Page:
With clean energy efforts booming, a new discovery in Norway could fuel the future of the movement. A mining company has found an estimated 77 billion-ton phosphate deposit, enough to satisfy the global demand for the next 50 years, according to its discoverers.
The deposit was discovered by Norge Mining back in 2018, but it wasn’t until this May that the company announced just how much phosphate it had discovered.
“Down to 400 meters, we established two world-class resources, which together allow a supply of raw materials for at least 50 years,” Michael Wurmser, Norge Mining’s founder and deputy CEO, told Euractiv.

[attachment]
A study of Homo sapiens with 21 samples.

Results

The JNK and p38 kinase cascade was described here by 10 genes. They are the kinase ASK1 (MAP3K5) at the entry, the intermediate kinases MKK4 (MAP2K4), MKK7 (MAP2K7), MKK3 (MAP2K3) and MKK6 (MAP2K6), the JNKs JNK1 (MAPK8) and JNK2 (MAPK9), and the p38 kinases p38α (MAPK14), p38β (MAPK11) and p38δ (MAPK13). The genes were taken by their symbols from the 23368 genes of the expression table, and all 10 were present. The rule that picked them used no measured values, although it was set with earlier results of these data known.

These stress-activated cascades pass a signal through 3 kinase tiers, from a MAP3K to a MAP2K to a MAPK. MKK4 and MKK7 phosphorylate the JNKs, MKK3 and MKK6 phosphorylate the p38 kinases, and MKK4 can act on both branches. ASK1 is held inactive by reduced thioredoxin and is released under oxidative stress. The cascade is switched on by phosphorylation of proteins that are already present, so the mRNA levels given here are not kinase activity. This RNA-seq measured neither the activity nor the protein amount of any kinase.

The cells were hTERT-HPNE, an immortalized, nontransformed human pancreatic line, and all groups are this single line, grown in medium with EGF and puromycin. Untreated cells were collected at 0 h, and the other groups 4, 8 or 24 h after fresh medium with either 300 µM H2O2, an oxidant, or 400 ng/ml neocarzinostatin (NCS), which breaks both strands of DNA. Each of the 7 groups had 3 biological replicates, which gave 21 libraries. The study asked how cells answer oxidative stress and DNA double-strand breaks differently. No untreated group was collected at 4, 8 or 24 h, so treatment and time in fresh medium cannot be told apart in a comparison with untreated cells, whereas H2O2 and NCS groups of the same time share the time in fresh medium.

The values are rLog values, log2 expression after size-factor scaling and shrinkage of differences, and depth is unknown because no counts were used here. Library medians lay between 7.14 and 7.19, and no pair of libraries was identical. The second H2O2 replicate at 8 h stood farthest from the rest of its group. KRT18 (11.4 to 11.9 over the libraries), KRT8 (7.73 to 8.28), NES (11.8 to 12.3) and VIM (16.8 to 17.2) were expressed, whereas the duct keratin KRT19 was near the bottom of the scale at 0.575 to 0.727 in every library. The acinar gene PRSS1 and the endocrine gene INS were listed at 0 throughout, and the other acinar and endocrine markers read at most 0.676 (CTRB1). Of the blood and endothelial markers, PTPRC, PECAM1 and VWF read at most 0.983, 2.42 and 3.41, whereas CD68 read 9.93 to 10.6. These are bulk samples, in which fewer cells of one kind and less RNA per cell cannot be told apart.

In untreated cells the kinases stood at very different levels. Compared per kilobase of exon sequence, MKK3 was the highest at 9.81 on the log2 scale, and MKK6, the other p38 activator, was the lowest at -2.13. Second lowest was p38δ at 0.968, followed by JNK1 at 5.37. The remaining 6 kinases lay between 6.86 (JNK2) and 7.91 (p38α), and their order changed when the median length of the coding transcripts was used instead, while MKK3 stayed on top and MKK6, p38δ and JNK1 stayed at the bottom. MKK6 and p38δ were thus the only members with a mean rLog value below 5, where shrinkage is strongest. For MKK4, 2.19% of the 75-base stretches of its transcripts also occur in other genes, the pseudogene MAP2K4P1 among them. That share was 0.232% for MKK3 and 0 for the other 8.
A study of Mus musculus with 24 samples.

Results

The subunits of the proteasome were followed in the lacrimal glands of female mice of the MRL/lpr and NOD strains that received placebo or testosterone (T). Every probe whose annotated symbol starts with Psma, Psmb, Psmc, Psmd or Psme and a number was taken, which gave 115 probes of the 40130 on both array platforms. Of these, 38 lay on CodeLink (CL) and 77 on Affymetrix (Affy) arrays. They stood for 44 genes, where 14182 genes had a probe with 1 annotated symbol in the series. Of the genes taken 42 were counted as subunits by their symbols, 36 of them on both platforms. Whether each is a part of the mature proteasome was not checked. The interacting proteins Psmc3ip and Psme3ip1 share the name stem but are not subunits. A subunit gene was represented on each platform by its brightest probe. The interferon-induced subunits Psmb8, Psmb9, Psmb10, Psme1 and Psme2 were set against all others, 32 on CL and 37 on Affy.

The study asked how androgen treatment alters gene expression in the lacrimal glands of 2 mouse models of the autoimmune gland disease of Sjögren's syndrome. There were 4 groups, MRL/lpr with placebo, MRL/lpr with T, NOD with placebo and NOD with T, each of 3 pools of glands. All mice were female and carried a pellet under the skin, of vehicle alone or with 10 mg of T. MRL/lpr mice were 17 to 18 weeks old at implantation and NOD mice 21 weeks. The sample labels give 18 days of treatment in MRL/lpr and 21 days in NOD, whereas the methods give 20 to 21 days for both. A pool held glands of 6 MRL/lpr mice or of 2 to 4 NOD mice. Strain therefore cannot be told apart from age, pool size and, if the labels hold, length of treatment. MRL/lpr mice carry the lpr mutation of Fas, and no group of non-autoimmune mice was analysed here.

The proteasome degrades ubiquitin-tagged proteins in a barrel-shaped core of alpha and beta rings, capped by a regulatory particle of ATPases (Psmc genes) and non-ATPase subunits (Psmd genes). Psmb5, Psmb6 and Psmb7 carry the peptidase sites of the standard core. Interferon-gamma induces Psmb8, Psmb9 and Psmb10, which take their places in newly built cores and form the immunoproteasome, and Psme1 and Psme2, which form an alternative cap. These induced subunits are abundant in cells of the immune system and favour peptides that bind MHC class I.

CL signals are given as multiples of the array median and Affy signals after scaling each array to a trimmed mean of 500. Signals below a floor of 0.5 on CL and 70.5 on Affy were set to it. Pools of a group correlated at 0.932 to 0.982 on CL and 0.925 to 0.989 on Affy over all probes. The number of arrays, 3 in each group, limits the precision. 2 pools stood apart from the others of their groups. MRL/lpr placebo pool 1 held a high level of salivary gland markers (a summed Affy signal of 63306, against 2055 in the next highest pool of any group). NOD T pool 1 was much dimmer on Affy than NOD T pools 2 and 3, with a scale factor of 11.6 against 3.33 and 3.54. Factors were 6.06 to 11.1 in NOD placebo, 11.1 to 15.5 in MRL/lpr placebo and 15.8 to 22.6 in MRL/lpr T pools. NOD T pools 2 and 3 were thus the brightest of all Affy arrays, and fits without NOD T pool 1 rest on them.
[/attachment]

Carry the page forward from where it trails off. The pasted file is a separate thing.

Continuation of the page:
In fact, lithium iron phosphate batteries are soon expected to boom in usage. According to the International Energy Agency, by 2040, the market share of lithium iron phosphate batteries in commercial vehicles is expected to increase to 90%.
As demand for clean energy systems soars, this discovery isn’t just important for its size — but also for its location. Before the discovery of this deposit, key producers of phosphate were Morocco, China, the U.S., and Russia. Since Russia’s invasion of Ukraine in 2022, the market has been massively disrupted.
The discovery of this deposit is expected to help alleviate some of that strain, which means EVs and solar panels could see a decrease in their costs.
“When you find something of that magnitude in Europe, which is larger than all the other sources we know — it is significant,” Wurmser said. “We believe the phosphorous that we can produce will be important to the West — it provides autonomy.”